The World Trade Organization (WTO) may be facing its fair share of criticism at the moment but its Government Procurement Agreement (GPA) is a crucial piece of international law between over 50 countries to open up and ensure mutual, fair access to their procurement markets. The success of the Agreement largely depends on the encouraging cross-border competition that should lead to better prices and quality of goods, services, and works for citizens.
So can we tell if it is working?
I’ve personally attended several of the GPA’s meetings at the stunning WTO headquarters on the shores of Lake Geneva over the last few years. Everybody at these events agrees that good data is central to good procurement performance, but almost no one agrees on unified approaches to publish and share that information to boost GPA objectives. Incredibly, the community can hardly assess the levels of cross-border procurement between their countries because they struggle with data collection and analysis.
The new guidance that we’ve just published explores exactly this issue. We think that an open contracting approach — and crucially the use of standardized open data — should not only increase the visibility of cross-border opportunities but also measure their impact.
Our guidance shows how collecting and publishing standardized open public procurement data, and tracking useful metrics, can improve procurement performance, including cross-border participation. This approach can also help boost market access. Multiple studies show that transparency and competition are very closely correlated (see some of the latest research on this here).
With the help of our smart colleagues at both the European Bank for Reconstruction and Development (EBRD) and the WTO GPA (with a special nod to Eliza Niewiadomska and Dmitry Palamarchyuk at the EBRD who first put us onto this topic), we realized that implementing the Open Contracting Data Standard can be transformative in how countries perform under the GPA Agreement. So we compiled new guidance to make the case to GPA member states.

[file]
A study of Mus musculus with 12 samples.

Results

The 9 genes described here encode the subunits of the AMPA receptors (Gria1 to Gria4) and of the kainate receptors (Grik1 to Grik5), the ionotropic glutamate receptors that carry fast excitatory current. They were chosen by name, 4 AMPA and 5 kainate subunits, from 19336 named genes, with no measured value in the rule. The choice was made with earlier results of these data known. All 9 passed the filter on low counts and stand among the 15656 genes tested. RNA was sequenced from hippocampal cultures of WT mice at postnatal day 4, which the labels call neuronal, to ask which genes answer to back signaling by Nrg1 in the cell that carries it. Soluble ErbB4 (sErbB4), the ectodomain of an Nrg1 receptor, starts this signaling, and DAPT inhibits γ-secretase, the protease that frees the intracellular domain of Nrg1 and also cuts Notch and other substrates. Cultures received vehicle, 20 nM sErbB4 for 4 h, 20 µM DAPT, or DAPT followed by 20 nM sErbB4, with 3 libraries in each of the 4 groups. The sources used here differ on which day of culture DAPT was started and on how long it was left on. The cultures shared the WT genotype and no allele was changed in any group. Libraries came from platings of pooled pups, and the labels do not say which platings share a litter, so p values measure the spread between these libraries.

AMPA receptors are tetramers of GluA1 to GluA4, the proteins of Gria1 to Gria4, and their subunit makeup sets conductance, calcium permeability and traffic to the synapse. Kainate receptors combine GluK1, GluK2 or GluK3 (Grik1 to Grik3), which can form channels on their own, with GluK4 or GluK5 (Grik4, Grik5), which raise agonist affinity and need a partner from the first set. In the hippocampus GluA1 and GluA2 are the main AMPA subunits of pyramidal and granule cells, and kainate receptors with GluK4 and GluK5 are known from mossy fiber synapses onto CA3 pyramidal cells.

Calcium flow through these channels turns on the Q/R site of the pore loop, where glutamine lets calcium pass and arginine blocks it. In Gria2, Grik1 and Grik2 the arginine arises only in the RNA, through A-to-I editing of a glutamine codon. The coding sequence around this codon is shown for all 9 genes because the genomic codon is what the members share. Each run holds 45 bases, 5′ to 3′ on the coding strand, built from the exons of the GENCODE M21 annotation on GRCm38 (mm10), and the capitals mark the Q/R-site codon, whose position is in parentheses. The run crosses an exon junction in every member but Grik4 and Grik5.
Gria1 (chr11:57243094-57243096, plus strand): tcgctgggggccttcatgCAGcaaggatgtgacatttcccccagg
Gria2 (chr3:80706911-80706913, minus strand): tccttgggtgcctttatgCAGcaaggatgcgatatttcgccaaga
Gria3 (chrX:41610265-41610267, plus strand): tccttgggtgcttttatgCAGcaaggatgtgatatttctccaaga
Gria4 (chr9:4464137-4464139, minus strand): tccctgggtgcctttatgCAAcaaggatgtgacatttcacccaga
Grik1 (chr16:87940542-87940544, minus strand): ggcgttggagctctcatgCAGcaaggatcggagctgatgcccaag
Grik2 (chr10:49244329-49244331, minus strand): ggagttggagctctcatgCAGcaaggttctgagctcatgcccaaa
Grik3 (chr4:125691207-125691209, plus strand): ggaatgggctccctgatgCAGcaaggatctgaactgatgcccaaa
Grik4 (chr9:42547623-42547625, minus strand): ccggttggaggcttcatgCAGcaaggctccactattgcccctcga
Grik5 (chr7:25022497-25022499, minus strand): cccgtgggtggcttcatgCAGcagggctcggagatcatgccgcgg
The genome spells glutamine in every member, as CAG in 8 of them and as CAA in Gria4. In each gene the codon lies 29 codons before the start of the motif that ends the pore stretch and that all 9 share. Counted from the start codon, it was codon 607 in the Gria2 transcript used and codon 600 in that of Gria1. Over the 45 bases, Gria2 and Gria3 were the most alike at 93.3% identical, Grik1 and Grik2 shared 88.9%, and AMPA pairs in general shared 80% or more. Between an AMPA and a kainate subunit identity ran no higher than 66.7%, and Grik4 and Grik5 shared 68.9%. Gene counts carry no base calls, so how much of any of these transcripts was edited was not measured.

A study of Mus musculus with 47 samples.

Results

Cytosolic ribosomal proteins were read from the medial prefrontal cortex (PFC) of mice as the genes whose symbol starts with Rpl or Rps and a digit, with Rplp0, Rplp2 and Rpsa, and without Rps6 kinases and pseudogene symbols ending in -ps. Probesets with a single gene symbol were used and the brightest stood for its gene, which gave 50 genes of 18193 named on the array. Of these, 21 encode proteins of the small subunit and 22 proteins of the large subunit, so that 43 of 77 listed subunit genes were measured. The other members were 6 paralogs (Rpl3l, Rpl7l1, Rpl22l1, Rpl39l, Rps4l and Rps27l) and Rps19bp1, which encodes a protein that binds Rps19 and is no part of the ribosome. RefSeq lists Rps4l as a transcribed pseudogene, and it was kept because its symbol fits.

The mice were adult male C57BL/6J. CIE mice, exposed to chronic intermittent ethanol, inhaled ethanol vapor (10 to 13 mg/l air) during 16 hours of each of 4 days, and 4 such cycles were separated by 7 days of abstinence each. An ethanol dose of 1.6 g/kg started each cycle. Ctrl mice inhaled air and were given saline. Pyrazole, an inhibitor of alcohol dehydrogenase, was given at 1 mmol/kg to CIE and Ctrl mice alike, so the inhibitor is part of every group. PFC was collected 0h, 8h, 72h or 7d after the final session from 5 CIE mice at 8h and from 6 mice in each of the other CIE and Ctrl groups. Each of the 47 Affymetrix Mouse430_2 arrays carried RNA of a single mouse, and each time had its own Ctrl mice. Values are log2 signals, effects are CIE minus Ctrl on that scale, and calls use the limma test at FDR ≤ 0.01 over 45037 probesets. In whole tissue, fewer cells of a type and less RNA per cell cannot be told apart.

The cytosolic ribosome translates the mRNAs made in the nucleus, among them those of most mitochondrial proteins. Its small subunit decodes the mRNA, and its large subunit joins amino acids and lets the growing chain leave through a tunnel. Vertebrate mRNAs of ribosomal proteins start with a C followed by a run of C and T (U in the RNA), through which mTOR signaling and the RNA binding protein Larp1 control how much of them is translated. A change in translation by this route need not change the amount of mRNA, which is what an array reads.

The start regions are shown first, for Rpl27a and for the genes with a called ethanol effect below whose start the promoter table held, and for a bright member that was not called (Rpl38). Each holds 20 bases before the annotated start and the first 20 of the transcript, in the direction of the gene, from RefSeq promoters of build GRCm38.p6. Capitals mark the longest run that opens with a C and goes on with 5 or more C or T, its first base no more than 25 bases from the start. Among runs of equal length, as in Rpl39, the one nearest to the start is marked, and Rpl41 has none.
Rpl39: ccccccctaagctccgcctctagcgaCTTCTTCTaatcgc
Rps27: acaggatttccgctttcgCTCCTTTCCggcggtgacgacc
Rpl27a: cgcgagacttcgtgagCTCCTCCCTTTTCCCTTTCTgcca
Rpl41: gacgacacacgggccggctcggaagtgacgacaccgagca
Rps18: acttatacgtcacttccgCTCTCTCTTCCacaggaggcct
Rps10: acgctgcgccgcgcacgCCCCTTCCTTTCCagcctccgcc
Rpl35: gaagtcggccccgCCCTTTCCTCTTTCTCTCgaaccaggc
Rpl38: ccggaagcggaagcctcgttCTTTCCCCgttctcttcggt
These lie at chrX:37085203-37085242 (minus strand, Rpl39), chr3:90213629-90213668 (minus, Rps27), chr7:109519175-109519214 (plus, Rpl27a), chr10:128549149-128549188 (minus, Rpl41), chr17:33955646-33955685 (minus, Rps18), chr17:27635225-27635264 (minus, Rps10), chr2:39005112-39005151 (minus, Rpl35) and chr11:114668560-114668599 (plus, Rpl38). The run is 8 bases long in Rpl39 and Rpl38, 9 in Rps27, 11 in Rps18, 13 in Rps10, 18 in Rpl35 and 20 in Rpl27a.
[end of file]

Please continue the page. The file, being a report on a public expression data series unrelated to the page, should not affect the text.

I want to emphasize that implementing OCDS satisfies and goes beyond the GPA publication requirements in our experience. Also, rather than a huge year-end bureaucratic exercise in compliance reports, members can have a live statistical dashboard that can substitute regular reporting to the GPA Secretariat (as allowed under Article 16 of the GPA). This would save governments a lot of time and money.
Open contracting champion Ukraine already does this.
I’m also convinced that, by making the open contracting approach useful for government reporting, GPA members will understand just how important it is to collect good data and share it with their stakeholders more generally to drive improvements in all their contracting processes.
I hope that with our guidance, governments can go beyond statements like “data is important” and do a better job of creating a transparent environment in which companies feel welcome to participate.
And, if it’s of interest, you can read more on the background of our work with the GPA here.